John Halewood-Dodd column: An Elf and safety lesson courtesy of lawyerJohn and his son Harry

John Halewood-Dodd
John Halewood-Dodd

Offences of assault, of which there are varying degrees of seriousness, are often successfully defended with a defence of ‘self- defence’.

In essence, the law allows an individual to defend themself,and others, from attack but, vitally, only what is “reasonably necessary” to do so. Each case has to be taken on its own merits and as such there are no hard and fast rules.

However, the law does acknowledge that it is difficult to “weigh to a nicety” what level of force should be used. I found myself contemplating this when on a family holiday to Lapland. At each location there would be at least one of Father Christmas’s helpers to build the excitement..There was Noisy Ned, Snowy Bowy and Tricky Dicky, the mischievous Elf.

My youngest son Harry, not yet two at the time, took an instant dislike to Tricky Dicky. Our coach arrived at a frozen lake where Tricky Dicky,and pals were there to meet us.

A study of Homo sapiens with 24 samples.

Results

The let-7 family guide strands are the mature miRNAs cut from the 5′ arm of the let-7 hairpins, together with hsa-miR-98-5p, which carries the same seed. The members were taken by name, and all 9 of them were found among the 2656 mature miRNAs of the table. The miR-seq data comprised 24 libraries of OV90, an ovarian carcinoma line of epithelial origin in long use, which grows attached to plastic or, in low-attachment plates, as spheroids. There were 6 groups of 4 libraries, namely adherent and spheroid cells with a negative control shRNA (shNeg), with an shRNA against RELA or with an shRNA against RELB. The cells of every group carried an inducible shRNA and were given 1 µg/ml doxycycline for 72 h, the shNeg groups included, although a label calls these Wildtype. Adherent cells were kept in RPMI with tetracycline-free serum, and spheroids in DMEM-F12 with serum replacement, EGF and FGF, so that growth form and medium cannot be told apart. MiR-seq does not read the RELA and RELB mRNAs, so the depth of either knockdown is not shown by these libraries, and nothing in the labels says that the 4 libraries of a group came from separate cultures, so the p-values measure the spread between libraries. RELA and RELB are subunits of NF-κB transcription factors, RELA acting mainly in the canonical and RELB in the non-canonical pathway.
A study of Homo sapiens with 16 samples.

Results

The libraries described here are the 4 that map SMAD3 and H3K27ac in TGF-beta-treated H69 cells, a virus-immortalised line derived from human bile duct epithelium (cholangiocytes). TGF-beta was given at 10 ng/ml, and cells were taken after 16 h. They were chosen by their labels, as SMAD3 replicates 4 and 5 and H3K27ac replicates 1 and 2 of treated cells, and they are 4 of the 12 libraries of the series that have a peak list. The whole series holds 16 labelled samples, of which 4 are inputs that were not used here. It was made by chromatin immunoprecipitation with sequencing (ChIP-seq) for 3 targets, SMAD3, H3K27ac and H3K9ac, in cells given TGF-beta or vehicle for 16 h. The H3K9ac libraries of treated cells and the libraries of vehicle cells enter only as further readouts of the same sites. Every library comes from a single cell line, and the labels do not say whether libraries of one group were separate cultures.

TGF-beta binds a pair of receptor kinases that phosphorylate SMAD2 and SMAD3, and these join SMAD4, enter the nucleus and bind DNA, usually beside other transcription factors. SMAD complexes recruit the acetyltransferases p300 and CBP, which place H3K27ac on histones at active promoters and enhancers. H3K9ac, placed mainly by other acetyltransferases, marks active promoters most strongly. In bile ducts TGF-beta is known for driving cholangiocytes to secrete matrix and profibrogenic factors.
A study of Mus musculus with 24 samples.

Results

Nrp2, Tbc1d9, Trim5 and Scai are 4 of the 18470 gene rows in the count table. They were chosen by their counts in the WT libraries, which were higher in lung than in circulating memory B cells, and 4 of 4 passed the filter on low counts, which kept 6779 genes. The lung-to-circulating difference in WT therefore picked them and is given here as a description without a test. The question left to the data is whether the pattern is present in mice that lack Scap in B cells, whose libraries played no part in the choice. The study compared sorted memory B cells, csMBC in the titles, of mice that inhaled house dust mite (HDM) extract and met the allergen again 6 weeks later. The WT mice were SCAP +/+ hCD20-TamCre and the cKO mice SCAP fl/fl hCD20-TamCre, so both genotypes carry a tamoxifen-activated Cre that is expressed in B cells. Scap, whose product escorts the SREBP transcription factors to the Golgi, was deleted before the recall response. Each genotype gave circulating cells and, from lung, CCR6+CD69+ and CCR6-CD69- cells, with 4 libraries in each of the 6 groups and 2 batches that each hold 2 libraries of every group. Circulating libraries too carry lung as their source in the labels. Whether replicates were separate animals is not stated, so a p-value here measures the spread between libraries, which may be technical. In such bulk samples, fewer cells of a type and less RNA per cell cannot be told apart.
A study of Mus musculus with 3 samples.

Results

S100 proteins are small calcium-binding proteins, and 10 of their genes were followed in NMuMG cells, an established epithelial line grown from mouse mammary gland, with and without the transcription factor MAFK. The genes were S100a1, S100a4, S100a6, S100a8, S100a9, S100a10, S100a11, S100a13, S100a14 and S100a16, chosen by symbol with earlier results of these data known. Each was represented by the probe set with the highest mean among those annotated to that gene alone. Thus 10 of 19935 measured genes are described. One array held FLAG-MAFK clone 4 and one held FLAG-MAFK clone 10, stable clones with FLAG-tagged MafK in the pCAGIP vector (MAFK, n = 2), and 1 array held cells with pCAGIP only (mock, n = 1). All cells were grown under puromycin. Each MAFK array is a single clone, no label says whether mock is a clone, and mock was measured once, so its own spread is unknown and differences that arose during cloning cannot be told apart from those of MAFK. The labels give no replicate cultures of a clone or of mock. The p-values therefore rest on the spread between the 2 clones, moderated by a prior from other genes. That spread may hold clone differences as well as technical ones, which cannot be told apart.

Playing up to their naughty tag, they began to throw snowballs at the coach windows. This really freaked Harry out so I reassured him a little Elf was no match for his big, brave ,dad.

To emphasise this I made a snowball and threw it (underarm I hasten to add) at Tricky Dicky, hoping that he would take it in jest. Quite the contrary as his little cheeks burned red and he set off after me.

At first I thought he was joking but I looked back and realised old T.D. was intent on causing me harm. If I had gone toe-to-toe with him would my actions have been reasonable?

I figured not and kept running. As he couldn’t catch me (only little legs, him not me) the situation was diffused.

Thank God because if I’d been caught and beaten up I don’t think I could ever have looked Harry in the eye again.